The mood in Cairo was tense Monday as Egypt, fresh from an encouraging success on the international stage, plunged headfirst into a thorny domestic dispute.

President Mohamed Morsi is at the center of this controversy, and he may be in it for the long haul after sitting down for heated talks with high-level judges on Monday.

Just after winning plaudits for presiding over a hard-won ceasefire agreement between Israel and Gaza Strip militants, Morsi cashed in – and then some – on the global goodwill by issuing a sudden decree on Thursday to severely limit the power of the Egyptian judiciary, and grab it for himself.

Morsi, a moderate Islamist representing the Muslim Brotherhood, claimed that he was protecting the aims of the 2011 revolution. But critics said the far-reaching edict amounted to a dictatorial seizure of power.

In the wake of the announcement, three of the president’s top advisers resigned. Violent protests quickly broke out on the streets of Cairo, and clashes continue; one person has been killed so far, and hundreds more have been injured. The Egyptian benchmark stock index crashed nearly 10 percent on Sunday, a loss amounting to about $5 billion.

The president is now in talks with the country’s Supreme Judicial Council, whose members hope to convince Morsi to water down his decree.

On Monday, Morsi's justice minister, Ahmed Mekki – who is playing the role of mediator between the executive and judiciary branches – said a compromise was “imminent” as the president prepared to meet with the disgruntled judges.

But hours later, presidential spokesman Yasser Ali told reporters Morsi had merely assured the judges that his decree would not unduly infringe on their powers, and that it was necessary to enable the long-awaited drafting of a permanent national constitution.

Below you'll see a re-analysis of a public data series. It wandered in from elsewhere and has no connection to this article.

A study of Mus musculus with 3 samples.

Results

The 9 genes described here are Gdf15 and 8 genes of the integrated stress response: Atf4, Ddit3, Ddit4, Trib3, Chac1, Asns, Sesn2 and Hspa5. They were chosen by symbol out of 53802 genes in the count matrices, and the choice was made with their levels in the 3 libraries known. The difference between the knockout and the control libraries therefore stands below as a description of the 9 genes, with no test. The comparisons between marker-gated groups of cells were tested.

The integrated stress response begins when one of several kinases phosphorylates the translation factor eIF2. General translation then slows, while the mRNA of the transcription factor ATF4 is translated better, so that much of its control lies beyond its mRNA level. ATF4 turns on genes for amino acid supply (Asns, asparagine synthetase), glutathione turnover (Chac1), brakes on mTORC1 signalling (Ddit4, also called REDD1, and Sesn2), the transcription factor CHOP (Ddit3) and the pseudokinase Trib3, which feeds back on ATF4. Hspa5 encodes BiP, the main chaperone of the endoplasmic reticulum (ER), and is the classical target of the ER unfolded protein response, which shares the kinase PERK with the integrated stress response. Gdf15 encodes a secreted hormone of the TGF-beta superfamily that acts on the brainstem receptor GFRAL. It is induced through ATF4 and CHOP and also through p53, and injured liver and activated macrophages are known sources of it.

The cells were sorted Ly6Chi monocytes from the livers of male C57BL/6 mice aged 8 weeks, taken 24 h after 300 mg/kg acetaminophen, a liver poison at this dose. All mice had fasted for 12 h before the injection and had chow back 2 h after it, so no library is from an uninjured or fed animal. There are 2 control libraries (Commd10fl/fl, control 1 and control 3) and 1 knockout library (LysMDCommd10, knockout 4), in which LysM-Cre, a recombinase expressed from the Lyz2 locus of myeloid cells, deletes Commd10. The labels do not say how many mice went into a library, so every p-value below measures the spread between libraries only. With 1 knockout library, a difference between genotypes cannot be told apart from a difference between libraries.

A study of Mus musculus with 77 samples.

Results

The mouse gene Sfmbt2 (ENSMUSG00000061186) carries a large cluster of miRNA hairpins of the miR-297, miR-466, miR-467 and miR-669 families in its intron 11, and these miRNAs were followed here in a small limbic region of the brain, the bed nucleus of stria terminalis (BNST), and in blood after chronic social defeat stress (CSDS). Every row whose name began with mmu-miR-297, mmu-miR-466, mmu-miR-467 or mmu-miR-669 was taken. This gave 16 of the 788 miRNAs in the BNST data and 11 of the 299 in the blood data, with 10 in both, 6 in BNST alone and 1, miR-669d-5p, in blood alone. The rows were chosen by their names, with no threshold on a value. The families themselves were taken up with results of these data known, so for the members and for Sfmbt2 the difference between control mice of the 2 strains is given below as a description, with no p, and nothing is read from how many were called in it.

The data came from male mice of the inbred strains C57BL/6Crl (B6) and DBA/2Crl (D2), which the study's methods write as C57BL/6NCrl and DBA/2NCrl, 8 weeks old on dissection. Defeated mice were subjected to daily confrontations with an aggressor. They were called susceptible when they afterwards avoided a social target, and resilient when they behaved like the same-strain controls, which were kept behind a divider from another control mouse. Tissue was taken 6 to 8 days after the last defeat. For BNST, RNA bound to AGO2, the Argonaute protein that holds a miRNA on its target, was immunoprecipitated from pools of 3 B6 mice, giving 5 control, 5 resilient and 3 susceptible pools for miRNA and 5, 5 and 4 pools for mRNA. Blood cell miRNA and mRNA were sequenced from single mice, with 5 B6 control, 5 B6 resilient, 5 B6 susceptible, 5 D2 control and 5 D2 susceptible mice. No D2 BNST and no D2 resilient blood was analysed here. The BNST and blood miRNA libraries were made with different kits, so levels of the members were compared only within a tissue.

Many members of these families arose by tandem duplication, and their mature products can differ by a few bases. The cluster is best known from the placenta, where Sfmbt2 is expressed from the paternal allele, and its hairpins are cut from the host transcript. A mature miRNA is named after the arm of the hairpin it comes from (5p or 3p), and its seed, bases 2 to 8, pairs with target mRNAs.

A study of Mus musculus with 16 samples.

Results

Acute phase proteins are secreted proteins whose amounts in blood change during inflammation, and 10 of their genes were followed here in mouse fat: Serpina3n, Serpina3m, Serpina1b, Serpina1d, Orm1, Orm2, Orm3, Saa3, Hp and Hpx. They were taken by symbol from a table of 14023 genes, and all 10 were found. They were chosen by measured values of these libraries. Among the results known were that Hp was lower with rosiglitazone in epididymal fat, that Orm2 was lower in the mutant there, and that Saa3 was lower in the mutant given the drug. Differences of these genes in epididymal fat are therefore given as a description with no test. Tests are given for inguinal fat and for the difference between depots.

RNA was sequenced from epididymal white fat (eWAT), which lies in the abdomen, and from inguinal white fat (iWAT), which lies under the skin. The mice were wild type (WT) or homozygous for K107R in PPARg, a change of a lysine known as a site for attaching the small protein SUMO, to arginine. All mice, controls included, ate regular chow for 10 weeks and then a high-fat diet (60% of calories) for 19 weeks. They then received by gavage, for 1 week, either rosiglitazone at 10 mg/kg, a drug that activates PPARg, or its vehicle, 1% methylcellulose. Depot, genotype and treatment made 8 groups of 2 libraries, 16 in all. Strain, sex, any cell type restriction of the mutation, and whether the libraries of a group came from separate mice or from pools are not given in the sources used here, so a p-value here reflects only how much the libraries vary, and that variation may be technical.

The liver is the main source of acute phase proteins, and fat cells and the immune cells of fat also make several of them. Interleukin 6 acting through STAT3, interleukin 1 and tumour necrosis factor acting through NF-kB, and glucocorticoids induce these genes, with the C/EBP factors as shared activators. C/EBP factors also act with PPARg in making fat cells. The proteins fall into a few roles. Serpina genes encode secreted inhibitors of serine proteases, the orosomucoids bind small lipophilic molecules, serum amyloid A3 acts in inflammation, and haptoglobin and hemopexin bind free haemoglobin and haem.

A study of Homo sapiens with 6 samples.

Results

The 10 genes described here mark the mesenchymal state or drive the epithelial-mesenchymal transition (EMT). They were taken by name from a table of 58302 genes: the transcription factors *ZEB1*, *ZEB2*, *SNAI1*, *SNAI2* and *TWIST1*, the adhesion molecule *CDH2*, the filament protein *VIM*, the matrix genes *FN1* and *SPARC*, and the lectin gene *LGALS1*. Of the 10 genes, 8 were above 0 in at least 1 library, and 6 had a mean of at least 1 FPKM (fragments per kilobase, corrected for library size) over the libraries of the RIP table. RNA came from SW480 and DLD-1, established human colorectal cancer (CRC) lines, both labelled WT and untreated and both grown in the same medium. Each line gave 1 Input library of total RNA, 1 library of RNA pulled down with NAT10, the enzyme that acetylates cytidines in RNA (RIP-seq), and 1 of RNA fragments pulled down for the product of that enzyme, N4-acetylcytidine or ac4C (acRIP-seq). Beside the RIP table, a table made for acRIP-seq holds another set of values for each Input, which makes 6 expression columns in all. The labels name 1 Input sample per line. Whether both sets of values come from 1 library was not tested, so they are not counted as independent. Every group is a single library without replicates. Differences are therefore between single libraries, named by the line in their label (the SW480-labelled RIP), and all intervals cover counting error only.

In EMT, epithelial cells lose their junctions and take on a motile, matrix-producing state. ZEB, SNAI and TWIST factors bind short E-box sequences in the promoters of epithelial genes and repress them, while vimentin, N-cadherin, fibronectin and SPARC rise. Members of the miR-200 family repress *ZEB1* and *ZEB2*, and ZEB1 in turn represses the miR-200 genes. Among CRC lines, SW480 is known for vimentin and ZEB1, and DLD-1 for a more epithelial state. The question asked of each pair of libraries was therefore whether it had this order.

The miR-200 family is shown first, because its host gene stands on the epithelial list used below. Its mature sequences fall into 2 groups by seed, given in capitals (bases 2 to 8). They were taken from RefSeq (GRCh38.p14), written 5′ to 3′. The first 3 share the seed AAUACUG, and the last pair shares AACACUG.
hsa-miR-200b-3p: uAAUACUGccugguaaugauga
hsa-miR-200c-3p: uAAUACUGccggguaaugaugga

Morsi has a point there; the Egyptian courts have certainly been a meddlesome presence on the road to a stable democracy. In April, judges disbanded the original assembly appointed to draft the constitution. And in June, just before Morsi won the presidential election, the courts decided that the sitting parliament had been elected illegally, and the lower house was summarily disbanded.

The upper house of parliament is still sitting, and a new constitutional assembly has been formed. Members are working to draft the document Egypt so desperately needs, but progress is slowed by concerns that the assembly, which is dominated by Islamists, will deliver a constitution that fails to protect the rights of women, secularists and religious minorities.

Morsi’s supporters argue that the assembly was appointed by politicians who were fairly and freely elected, and that the members –- who are mostly Islamists but include some women and Christians –- should be allowed to complete their demanding task.

Morsi himself fanned the flames this weekend, citing rumors that senior judges –- many of them  appointed during the 30-year reign of former President Hosni Mubarak -- had been gearing up to disband the assembly in the coming weeks. The president vowed to expose any judges who were acting out of loyalty to the old secular regime.

Morsi’s decree, translated into English here by the official Egyptian newspaper Al Ahram, essentially removes judicial checks on the president’s power and protects the sitting members of parliament.

“No judicial body can dissolve the Shura Council [upper house of parliament] or the Constituent Assembly,” it says, adding more vaguely that “the President may take the necessary actions and measures to protect the country and the goals of the revolution.”

Morsi argues that this will allow the drafters of the constitution to work in peace, without threat of dissolution. He also assured critics that the move was temporary, and in no way meant to consolidate power in the executive branch.

But in a country where blood was spilled only last year to unseat the dictator Mubarak, promises like those aren’t going over too well.

“In his head, the president thought that this would push us forward, but then it was met with all this inflammation,” said Mekki before Monday’s meeting, according to the New York Times.

“I blame all of Egypt, because they do not know how to talk to each other.”